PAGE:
Months ago my daughter told me how much she enjoyed listening to Brad Beer’s podcast, The Physical Performance Show. I listened to a couple of episodes, but I guess I wasn’t sufficiently performance oriented at the time to keep it up. I mostly chose classical music instead to accompany my running. Actually, I haven’t been doing much running at all, largely due to sustaining a couple of vertebral osteoporotic fractures in late 2016. I was surprised that I had osteoporosis. After all, I’d been active my whole life and consumed a lot of calcium when I was younger. Anyway, now I am a vegan I thought I’d better start calcium and vitamin D supplements, and hope that maybe that would help restore my vertebral bone strength. I also decided to put on some weight (I heard once that obesity offers the best protection against bone loss).
When I started to become more active and begin running again this year, my proximal hamstring tendinopathy returned and I had to do stair climbing as my mode of exercise. To relieve the boredom of going up and down 11 flights of stairs, I listen to podcasts. My daughter, who knows about my osteoporosis (and is probably sick of hearing about my health woes), told me that her old friend Brad Beer had recently hosted a podcast episode featuring bone scientist Professor Belinda Beck. Not expecting too much, I decided to see what Professor Beck had to say on the topic.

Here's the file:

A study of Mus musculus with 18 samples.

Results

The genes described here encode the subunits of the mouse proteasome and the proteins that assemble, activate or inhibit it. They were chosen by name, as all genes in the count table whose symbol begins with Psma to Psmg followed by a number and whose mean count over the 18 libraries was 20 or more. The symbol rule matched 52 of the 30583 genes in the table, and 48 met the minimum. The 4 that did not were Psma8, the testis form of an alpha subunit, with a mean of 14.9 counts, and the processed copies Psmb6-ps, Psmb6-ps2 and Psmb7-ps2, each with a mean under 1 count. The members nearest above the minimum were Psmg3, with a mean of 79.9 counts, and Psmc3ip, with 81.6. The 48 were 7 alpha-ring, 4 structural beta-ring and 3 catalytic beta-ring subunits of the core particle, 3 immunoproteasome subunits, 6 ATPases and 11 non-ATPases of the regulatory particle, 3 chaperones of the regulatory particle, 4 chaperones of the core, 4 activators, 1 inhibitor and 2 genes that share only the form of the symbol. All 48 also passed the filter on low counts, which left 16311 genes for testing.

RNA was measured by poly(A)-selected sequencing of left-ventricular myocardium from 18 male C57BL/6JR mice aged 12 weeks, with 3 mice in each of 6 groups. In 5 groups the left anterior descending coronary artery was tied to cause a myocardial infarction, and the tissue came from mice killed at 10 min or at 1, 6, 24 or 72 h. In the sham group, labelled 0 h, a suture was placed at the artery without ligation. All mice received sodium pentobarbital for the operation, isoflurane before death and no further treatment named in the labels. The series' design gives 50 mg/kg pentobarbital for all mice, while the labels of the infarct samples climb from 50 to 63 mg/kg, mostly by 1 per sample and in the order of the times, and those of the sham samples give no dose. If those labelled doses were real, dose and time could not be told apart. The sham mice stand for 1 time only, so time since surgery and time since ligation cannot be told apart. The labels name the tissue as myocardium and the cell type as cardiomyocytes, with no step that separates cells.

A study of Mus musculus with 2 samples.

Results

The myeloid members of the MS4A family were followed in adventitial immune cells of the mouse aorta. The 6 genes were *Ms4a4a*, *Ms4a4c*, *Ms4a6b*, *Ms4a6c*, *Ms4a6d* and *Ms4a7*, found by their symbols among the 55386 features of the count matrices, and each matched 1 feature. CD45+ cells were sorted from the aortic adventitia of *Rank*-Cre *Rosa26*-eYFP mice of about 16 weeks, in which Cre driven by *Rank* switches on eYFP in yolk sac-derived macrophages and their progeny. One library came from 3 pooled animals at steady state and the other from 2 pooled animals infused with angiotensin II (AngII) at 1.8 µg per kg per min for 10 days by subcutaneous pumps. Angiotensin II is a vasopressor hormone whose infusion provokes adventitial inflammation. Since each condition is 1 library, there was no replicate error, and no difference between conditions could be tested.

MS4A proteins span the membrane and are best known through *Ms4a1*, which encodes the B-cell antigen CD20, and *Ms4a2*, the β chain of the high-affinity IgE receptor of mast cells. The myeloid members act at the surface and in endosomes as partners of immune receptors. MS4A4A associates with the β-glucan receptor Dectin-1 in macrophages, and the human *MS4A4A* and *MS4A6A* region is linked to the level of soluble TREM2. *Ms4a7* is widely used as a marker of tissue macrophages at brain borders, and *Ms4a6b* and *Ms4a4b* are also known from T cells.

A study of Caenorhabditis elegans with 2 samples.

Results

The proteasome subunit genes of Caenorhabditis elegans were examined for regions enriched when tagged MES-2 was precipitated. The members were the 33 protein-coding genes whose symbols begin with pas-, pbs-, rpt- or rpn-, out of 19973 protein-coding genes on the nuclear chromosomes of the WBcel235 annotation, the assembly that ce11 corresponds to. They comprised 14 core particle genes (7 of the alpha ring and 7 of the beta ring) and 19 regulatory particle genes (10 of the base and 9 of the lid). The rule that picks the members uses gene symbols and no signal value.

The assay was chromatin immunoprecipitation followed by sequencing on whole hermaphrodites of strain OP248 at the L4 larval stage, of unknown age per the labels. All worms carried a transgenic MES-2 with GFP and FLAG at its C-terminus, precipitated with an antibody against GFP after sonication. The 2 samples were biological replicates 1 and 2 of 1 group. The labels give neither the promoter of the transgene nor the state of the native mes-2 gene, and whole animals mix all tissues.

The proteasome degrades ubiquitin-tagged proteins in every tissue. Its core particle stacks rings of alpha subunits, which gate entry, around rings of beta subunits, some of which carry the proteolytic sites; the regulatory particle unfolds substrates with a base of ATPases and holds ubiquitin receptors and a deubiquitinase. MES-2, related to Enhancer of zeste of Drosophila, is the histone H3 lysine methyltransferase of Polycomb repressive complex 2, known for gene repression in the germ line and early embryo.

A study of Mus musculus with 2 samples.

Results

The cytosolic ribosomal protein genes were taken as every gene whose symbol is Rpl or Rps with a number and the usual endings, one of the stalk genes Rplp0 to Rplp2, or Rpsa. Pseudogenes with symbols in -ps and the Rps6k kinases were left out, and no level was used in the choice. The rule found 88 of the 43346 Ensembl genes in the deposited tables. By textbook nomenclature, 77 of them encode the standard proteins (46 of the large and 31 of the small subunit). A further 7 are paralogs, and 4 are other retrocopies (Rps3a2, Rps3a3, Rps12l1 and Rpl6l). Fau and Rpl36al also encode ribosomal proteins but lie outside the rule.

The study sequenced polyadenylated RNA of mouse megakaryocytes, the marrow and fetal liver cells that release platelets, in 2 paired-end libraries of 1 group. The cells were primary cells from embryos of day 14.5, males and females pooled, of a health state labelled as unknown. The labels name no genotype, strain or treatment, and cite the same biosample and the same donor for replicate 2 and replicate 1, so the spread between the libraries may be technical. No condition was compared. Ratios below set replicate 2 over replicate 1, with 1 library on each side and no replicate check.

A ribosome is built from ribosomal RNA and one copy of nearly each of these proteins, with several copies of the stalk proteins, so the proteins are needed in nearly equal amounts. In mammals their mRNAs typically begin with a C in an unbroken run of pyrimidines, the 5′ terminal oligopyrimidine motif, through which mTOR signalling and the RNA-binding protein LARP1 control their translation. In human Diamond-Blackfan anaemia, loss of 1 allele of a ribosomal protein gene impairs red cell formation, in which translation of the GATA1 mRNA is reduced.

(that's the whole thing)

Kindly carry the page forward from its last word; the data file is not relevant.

Wow! I was really surprised at what a good interviewee she is. For me, anyway, she pitched her message at just the right level. She obviously has great expertise, but also a wonderful ability to summarise the current research literature on bone health to a message relevant to Physical Performance Show listeners. Interestingly for me, she spoke about how a chronic energy deficit (e.g. from running a lot and not eating enough to make up the energy loss) can lead to osteoporosis in even the most active person. I think this has been my problem.
Right at the end of the show, as I climbed the building for the last time, Brad Beer asked Prof Beck to follow his usual practice and set a challenge to listeners. In one sentence, what should listeners do to implement her research findings in their daily lives? “Take the stairs!” said Professor Belinda Beck, as I climbed up the last flight up to level 13! “Yes!“, I gloated, “I’m doing that right now.” But Belinda followed up “And when you’re going down stairs, jump, landing on both feet.”
OK, Belinda, I’m up for it. Not sure how high I should be jumping, but I decided to jump down the last two stairs of every flight from now on. Not just in my morning half hour of stair climbing exercise, but every time I go down every set of stairs I encounter. Starting now.